There’s a big new way to make your brand more effective online, and everybody is talking about it: Facebook Pages. That’s great! Now what? Well, that’s the problem – you’ve been told to get one and what your strategies should be, but no one told you how to go about actually making your page all that it can be.
That’s all about to change. Here we will go over the “What” of adding interactivity to your Facebook Page, and give 2 detailed examples of the “How” that you can use right now.
Facebook + HTML = FBML
The Facebook Markup Language (abbreviated as FBML) is the language that Facebook created to allow users to add custom tabs with functionality onto their Facebook Pages. FBML allows you to include HTML and CSS, so you can essentially create mini-websites – also known as “microsites” – right on your Facebook Page!
Why is this important? FBML gives you the opportunity to use a bunch of great interactive features, customized to match your branding!
The Power of FBML
FBML allows you to do add a lot of native Facebook functionality such as:
- Share button
You can add the “Share” button anywhere on your Facebook page, which allows users to post anything you designate on their wall.
You can add as many comment boxes as you want, it can be one generic comment box for the page, or create comment boxes for multiple items that you have on your page (example: an e-commerce page might have a list of items, each of which could have their own commenting section).
(you can see an example of this on our facebook page under “FBML Examples” tab. Click here)
A few other powerful tools it provides is the ability to:
- Embed video
You can embed generic video sources such as YouTube or Vimeo, or you can directly include a video that you have uploaded to Facebook!
- Embed Flash widgets
This is an amazing ability, as there are so many useful flash widgets that you can take advantage of – a Flickr slideshow, for instance!
- MP3 Players
This allows you to let your visitors play MP3s right on your Facebook page! This functionality is great for anyone with sound clips to share.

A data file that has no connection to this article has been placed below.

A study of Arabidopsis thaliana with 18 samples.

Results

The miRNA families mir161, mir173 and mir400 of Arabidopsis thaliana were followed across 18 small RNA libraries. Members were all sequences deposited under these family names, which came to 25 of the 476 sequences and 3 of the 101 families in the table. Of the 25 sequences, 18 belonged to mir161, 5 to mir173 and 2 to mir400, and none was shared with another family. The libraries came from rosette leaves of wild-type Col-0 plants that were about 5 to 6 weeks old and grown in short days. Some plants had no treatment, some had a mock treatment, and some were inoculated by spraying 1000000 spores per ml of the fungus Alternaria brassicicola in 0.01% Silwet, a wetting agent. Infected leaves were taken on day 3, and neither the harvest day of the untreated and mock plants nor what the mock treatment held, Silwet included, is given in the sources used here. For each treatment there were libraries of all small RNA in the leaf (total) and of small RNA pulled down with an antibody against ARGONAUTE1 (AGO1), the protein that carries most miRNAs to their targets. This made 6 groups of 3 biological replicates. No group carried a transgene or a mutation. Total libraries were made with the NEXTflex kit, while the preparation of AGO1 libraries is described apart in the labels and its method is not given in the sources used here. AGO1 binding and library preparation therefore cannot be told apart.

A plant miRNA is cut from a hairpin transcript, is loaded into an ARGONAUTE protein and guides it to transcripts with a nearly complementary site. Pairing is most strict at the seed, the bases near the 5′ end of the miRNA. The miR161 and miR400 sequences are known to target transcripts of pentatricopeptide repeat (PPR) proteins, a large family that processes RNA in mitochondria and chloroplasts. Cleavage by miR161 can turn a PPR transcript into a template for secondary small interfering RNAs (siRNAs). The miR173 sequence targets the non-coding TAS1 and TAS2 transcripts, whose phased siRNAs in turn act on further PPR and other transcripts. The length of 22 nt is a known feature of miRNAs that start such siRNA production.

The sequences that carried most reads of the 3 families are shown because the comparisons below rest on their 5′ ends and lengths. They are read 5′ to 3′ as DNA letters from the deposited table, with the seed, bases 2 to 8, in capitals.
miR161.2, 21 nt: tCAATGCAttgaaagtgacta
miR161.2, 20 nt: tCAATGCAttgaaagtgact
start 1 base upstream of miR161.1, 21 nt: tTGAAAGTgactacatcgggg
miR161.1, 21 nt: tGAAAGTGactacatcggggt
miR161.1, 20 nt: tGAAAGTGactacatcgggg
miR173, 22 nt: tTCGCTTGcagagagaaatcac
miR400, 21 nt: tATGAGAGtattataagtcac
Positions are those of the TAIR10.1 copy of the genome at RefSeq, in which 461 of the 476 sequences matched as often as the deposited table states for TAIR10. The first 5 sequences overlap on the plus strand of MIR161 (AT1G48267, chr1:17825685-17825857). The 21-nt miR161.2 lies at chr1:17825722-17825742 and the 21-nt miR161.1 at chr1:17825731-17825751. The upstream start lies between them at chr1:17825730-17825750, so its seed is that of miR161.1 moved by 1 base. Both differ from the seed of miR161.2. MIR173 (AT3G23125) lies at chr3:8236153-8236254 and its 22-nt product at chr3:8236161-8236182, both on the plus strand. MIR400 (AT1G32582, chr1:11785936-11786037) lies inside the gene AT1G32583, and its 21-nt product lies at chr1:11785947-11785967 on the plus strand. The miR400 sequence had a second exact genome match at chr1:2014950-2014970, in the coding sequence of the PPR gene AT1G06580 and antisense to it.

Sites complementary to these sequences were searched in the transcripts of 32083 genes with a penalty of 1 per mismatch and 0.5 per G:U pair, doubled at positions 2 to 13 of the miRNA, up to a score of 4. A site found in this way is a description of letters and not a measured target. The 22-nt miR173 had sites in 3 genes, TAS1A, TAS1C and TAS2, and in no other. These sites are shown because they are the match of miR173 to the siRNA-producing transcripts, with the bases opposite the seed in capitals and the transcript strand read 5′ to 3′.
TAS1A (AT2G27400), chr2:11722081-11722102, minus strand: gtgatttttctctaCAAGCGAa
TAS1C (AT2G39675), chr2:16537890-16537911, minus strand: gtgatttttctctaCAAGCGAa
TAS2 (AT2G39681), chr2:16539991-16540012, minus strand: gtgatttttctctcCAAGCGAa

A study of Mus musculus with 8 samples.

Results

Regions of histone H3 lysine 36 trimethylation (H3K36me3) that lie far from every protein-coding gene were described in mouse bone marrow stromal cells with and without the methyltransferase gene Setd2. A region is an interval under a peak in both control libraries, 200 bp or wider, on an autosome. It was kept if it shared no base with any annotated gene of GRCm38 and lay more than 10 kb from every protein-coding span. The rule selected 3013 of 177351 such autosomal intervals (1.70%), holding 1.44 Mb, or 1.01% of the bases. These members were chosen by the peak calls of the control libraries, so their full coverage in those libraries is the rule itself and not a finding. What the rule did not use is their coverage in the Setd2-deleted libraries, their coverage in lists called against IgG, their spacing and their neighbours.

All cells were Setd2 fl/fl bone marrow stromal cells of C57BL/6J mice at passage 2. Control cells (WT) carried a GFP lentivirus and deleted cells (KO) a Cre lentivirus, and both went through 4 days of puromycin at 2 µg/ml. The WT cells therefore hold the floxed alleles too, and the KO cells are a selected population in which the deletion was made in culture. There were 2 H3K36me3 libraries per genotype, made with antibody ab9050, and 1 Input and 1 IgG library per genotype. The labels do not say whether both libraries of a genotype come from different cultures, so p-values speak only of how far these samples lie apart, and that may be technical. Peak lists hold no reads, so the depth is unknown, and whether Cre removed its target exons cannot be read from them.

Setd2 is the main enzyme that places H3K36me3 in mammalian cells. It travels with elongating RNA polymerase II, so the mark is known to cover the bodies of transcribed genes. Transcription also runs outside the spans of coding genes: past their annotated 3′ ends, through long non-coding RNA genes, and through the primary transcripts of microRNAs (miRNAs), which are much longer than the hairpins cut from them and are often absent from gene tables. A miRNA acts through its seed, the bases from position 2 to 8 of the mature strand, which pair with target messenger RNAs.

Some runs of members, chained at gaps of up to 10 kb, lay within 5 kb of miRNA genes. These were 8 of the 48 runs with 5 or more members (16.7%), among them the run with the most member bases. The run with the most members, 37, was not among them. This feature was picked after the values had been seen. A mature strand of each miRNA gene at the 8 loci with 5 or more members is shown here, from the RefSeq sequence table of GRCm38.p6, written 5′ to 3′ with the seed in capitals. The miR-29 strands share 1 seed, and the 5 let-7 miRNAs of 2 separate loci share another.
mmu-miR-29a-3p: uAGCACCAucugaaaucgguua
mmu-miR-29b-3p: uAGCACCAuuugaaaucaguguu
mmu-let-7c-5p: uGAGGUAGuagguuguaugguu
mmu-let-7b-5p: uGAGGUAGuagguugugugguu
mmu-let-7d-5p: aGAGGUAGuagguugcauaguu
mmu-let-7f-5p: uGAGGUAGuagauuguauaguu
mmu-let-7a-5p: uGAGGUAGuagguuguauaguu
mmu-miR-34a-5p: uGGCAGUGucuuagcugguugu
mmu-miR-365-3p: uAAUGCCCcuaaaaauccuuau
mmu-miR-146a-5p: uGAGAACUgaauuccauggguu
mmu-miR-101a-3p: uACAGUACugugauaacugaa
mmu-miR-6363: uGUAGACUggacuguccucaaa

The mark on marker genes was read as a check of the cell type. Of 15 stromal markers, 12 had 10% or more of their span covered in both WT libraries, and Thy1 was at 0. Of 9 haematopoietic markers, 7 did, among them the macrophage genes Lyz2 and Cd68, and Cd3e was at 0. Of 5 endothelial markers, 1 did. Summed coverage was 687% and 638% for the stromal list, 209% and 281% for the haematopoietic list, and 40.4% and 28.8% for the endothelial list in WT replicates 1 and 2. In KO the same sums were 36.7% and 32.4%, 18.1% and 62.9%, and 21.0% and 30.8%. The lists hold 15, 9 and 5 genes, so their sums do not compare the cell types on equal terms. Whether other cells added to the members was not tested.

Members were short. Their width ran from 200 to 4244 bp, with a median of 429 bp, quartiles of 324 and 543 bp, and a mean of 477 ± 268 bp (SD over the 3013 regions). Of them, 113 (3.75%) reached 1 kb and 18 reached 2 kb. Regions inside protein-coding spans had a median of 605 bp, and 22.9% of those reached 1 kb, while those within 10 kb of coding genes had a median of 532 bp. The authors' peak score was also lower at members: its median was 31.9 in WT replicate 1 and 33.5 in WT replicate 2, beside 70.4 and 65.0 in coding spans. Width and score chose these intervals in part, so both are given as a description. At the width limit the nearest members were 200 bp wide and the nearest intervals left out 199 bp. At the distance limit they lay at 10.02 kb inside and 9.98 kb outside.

Enabling FBML For Your Page
The following will assume that you have already created a Facebook Page, or have been made administrator of the Facebook Page you are working on.
Facebook has provided an app called Static FBML, which is the portal through which you use FBML for your page. You can add the app by clicking on the “Add to my Page” link underneath the picture on the Static FBML Facebook page.
A pop-up box will appear, asking you to designate which Facebook Page you are an administrator of that you would like to add the app to. Click the “Add to Page” button next to the correct Facebook Page.
Now, visit your Page Manager. Under the page title, click the “Edit Page” link. You will see the basic administrative options at the top of your editing page – scroll down to the Applications section until you see the FBML 1 box, and click “Edit”.
Take a deep breath, and make yourself a drink (you earned it). This is where the magic happens.
Adding FBML To Your Page
I’m going to walk through 2 examples of how to use FBML here: the Share button, and the Comments section.
FBML: Share Button
This is going to be complicated, so hold on tight. Ready?
<fb:share-button href=”http://example.com” />
That’s it! If you copy and paste that code into the text box of the FBML app, all you have to do is modify where it says “http://example.com” to your domain, Facebook page, or whatever URL you would like to share. You can change the way it’s displayed by using the following:
<fb:share-button href=”http://example.com” type=”icon_link” />
By adding the “type” section to our code, we can define what the Share button will look like when it shows up on the page. You can change icon_link to any of the following:
If you hit save, open your Facebook page up and click on the FBML tab, you can see the new Share button you just created!
Adding a Comments section to your page is pretty tough, too! The code looks something like this:
You will need to replace the X’s with a unique string of characters so that Facebook knows that it’s just for you and won’t show comments from other people using the same FBML tag.
Here are a few customized versions of the comments you can play around with.
Immediately shows the commenting box, instead of the “Click to comment” link:
<fb:comments xid=”XXXXXXXXXXXXX” showform=”true”></fb:comments>
Immediately shows the commenting box, and removes the outer white box from the commenting section to enable better custom styles:
<fb:comments xid=”XXXXXXXXXXXXX” simple=”true” showform=”true”></fb:comments>
Again, by copying and pasting that code to your FBML text editor (don’t forget to use a unique ID instead of the X’s!) you can click “Save” to see your beautiful new commenting section.
Pat yourself on the back
Congratulations! You just started building your very own Facebook page. You can learn more on the Facebook Developer site if you’re interested in finding out the nitty-gritty details of customizing your Facebook page.